Historic Whitecote House owner applies for alterations – including new bar area

Plans for internal and external alterations to Grade II Listed 18th century house in Bramley have been submitted to Leeds City Council planners for approval.

Whitecote House, off Whitecote Lane, was built in 1744 and is the large building in the middle, the other two buildings at either side of it were built much later.

Internal proposals by CRL Architects include a staircase from ground floor to cellar, the partitioning of the rear cellar to create a private bar and separate store area, and the partitioning of the front and rear cellars.

Whitecote House is off the Leeds and Liverpool Canal. Photo: Mark Stevenson

The external changes proposed will help access into the front store by excavating for a staircase at the front of the house and the alteration of a window into an external door. Yorkshire Stone flooring will also be reintroduced.

A design statement submitted with the application said the proposals will bring areas of the house which currently have poor access, which will help with the preservation of the historic property. It concludes:

“With the proposals we seek to provide the client with contemporary convenience within an historic listed building. Our interventions will be mostly limited to the interior and not detract from the view of the house for those travelling along the canal or towpath. The new entrance to the front cellar will bring a neglected part of the house back into functional use with a minimum of visible impact.”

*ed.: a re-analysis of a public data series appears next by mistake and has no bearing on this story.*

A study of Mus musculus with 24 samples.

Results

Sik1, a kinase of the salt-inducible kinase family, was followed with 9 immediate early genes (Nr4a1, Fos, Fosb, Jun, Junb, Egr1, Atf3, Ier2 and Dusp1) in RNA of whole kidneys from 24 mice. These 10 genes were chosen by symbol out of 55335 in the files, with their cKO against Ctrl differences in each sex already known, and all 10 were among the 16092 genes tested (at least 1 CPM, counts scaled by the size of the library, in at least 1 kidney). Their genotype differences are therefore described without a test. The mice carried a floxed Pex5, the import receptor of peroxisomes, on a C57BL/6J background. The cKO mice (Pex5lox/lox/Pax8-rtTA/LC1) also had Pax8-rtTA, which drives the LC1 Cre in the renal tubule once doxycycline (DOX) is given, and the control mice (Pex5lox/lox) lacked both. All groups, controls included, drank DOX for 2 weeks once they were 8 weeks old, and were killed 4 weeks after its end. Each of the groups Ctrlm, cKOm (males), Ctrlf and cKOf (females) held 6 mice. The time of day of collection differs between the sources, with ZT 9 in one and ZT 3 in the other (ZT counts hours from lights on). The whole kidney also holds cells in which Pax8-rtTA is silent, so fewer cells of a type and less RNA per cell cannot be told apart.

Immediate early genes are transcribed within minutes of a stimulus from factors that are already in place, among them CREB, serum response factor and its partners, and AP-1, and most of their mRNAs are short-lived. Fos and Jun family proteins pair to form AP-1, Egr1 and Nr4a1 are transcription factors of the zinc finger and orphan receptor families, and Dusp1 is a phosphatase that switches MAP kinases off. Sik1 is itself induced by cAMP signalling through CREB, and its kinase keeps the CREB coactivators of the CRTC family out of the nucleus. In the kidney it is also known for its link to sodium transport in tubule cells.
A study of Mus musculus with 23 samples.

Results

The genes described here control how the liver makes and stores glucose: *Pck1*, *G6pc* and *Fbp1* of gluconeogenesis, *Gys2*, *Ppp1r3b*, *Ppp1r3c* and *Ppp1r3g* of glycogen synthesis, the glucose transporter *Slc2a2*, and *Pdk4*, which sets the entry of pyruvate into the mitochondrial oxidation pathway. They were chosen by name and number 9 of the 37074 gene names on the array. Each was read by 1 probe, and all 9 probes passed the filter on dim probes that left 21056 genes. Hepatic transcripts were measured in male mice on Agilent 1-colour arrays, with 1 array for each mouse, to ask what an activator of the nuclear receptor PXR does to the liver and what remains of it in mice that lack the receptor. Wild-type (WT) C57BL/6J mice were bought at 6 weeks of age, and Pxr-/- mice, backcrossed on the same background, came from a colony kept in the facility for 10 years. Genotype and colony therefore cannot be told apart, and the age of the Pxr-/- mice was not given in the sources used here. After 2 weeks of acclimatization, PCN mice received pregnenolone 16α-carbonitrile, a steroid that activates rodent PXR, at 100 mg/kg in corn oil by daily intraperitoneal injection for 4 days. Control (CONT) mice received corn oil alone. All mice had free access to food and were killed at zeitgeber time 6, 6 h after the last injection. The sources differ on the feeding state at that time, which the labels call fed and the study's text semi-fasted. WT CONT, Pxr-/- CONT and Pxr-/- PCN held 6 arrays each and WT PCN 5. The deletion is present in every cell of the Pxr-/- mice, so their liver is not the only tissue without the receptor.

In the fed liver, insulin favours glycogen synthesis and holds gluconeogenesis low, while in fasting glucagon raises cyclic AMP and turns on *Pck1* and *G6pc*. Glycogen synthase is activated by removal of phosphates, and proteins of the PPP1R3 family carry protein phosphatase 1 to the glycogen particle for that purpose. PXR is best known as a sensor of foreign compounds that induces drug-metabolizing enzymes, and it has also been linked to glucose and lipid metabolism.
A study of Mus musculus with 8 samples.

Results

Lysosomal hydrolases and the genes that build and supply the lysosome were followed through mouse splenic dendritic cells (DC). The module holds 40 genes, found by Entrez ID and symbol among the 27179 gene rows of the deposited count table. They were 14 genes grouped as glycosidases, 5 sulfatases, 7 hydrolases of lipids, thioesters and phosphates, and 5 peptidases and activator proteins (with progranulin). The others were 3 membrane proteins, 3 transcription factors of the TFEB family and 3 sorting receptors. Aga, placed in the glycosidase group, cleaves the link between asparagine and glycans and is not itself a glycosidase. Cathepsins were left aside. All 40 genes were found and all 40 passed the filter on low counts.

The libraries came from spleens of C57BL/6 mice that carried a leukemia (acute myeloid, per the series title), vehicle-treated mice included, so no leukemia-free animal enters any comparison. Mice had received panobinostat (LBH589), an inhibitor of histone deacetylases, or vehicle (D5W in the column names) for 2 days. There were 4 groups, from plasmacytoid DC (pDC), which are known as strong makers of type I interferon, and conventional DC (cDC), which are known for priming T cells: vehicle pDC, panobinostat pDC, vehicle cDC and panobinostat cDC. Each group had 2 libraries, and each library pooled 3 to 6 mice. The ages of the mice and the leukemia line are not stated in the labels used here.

The report adds the interior of the house was damaged in a fire around 1990. It has been renovated since and still retains some original features such as the splayed timber panelling of the sash windows, some cornicing and ceiling roses. Much of the detailing is, however, modern restoration and in many places is not in keeping with the age of the house.

The plans can be viewed in full here.

As previously reported by WLD‘s Mark Stevenson, Kirkstall Abbey was a powerful landowner in Bramley and the surrounding area until the Dissolution in the mid-16th century. One of its locally-held tenements was ‘Whitecote’, it is thought to have been a medieval grange or farmstead. This would have been worked by local people, but the profits would have gone to the monks at the Abbey.

A Whitecote House is marked on the 1847 Ordnance Survey Map of the area. By the 1880’s the Whitecote House that is there today is named on the maps, with no clue as to the fate of the previous one.